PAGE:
Now a new study begins to unravel the mystery and the mechanism by which reducing food intake protects cells against aging and age-related diseases.
Researchers report in the journal Cell that the phenomenon is likely linked to two enzymes—SIRT3 and SIRT4—in mitochondria (the cell's powerhouse that, among other tasks, converts nutrients to energy). They found that a cascade of reactions triggered by lower caloric intake raises the levels of these enzymes, leading to an increase in the strength and efficiency of the cellular batteries. By invigorating the mitochondria, SIRT3 and SIRT4 extend the life of cells, by preventing flagging mitochondria from developing tiny holes (or pores) in their membranes that allow proteins that trigger apoptosis, or cell death, to seep out into the rest of the cell.
"We didn't expect that the most important part of this pathway was in the mitochondria," says David Sinclair, an assistant professor of pathology at Harvard Medical School and a study co-author. "We think that we've possibly found regulators of aging."
In 2003 Sinclair's lab published a paper in Nature that described the discovery of a gene that switched on in the yeast cell in response to calorie restriction, which Sinclair calls a "master regulator in aging." Since then, his team has been searching for an analogous gene that plays a similar role in the mammalian cell.
The researchers determined from cultures of human embryonic kidney cells that lower caloric intake sends a signal that activates a gene inside cells that codes for the enzyme NAMPT (nicotinamide phosphoribosyltransferase). The two- to four-fold surge in NAMPT in turn triggers the production of a molecule called NAD (nicotinamide adenine dinucleotide), which plays a key role in cellular metabolism and signaling.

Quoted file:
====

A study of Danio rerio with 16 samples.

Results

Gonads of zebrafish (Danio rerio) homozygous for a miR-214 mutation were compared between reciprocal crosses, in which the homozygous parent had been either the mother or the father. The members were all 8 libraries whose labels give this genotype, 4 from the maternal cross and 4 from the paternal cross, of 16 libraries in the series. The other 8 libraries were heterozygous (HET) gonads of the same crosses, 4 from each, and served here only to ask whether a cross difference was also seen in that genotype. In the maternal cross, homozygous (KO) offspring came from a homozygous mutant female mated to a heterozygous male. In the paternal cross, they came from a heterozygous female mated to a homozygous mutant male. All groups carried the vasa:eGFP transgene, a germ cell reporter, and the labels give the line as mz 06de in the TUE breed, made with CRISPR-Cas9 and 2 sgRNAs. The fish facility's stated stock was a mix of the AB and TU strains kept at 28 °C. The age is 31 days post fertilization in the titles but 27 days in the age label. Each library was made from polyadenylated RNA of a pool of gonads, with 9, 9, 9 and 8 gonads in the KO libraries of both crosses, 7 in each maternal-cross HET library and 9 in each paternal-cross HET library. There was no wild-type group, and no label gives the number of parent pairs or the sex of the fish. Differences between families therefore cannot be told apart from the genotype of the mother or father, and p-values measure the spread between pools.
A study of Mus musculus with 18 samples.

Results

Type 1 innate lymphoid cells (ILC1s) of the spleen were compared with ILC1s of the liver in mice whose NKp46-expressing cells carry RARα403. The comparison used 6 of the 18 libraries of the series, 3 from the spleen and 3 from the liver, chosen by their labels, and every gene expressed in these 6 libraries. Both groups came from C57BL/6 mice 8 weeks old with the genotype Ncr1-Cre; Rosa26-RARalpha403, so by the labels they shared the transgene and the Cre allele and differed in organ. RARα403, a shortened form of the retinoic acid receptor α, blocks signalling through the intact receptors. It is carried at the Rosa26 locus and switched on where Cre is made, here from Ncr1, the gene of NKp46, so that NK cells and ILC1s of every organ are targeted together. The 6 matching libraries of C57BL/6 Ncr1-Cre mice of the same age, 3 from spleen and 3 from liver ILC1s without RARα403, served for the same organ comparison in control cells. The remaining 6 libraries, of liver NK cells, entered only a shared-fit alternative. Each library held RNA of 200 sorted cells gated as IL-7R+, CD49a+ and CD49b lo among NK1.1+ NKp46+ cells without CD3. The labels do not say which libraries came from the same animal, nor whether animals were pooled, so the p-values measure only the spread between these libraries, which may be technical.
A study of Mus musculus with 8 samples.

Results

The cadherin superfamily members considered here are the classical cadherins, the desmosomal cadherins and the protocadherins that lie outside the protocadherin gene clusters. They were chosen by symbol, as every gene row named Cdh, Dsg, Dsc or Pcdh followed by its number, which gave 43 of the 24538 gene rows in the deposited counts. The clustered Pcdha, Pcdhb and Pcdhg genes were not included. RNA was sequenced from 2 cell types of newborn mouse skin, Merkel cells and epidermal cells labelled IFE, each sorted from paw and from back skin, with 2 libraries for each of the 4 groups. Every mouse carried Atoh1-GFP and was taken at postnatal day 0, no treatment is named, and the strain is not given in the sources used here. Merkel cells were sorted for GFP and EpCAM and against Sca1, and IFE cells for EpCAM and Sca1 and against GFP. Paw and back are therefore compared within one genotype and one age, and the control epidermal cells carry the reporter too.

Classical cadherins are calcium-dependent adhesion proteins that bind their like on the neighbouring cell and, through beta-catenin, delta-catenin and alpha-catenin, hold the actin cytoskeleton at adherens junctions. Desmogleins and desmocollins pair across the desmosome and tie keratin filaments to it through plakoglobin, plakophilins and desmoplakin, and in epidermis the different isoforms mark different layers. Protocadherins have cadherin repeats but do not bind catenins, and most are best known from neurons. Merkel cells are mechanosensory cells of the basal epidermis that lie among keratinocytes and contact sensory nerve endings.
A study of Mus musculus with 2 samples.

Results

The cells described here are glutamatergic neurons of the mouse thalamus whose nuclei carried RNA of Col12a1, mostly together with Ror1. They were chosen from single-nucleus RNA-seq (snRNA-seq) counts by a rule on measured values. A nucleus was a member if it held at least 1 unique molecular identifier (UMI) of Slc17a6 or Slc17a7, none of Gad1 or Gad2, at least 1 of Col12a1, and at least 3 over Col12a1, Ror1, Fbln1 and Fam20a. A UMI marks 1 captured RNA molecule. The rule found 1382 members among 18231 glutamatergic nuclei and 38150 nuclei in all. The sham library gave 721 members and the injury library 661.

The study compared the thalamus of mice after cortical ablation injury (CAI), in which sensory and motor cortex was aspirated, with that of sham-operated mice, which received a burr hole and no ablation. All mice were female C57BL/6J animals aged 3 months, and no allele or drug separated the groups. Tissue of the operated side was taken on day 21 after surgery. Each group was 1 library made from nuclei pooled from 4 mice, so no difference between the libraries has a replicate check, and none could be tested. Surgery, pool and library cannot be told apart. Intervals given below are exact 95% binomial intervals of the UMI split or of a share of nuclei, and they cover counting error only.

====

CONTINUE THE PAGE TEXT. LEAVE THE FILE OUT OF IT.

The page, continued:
The uptick in NAD levels activates the SIRT3 and SIRT4 genes, increasing levels of their corresponding SIRT3 and SIRT4 enzymes, which then flood the interior of the mitochondria. Sinclair says he's not sure exactly how SIRT3 and SIRT4 beef up the mitochondria's energy output, but that events leading to cell death are at the very least delayed when there are vast quantities of the enzymes.
SIRT3 and SIRT4 are part of a family called sirtuins. (SIRT1, which helps extend cell life by modulating the number of repair proteins fixing DNA damage both inside and outside the cell's nucleus is also a member.) SIRT is short for sir-2 homologue—a well-studied protein that is known to extend yeast cell longevity. According to Sinclair, all of the mammalian SIRT genes (and their proteins) are possible drug targets for therapies aimed at extending life, as well as staving off age-related illnesses, such as Alzheimer's disease, cancers and metabolic disorders, like diabetes.
"I think SIRT3 is the next most interesting sirtuin from a drug development standpoint," Sinclair says. "It does protect cells, but there's growing evidence that it may mediate the benefits of exercise as well."
Sinclair's lab is now working on developing what he calls a possible "supermouse" with elevated levels of NAMPT to see if it lives longer and is more disease-resistant than normal mice.
Matt Kaeberlein, a pathologist at the University of Washington in Seattle, says that Sinclair's team has an interesting hypothesis connecting the mitochondria to longevity, but that it needs to be more directly tested in the context of dietary restriction. "If the NAMPT-overexpressing mice are long-lived and disease resistant, that will provide more support for this idea."
For his part, Sinclair is eager to see the results of his experiments with the supermouse. "Depending on how this mouse turns out," he says, "we may put NAMPT on the list of drug targets, as well."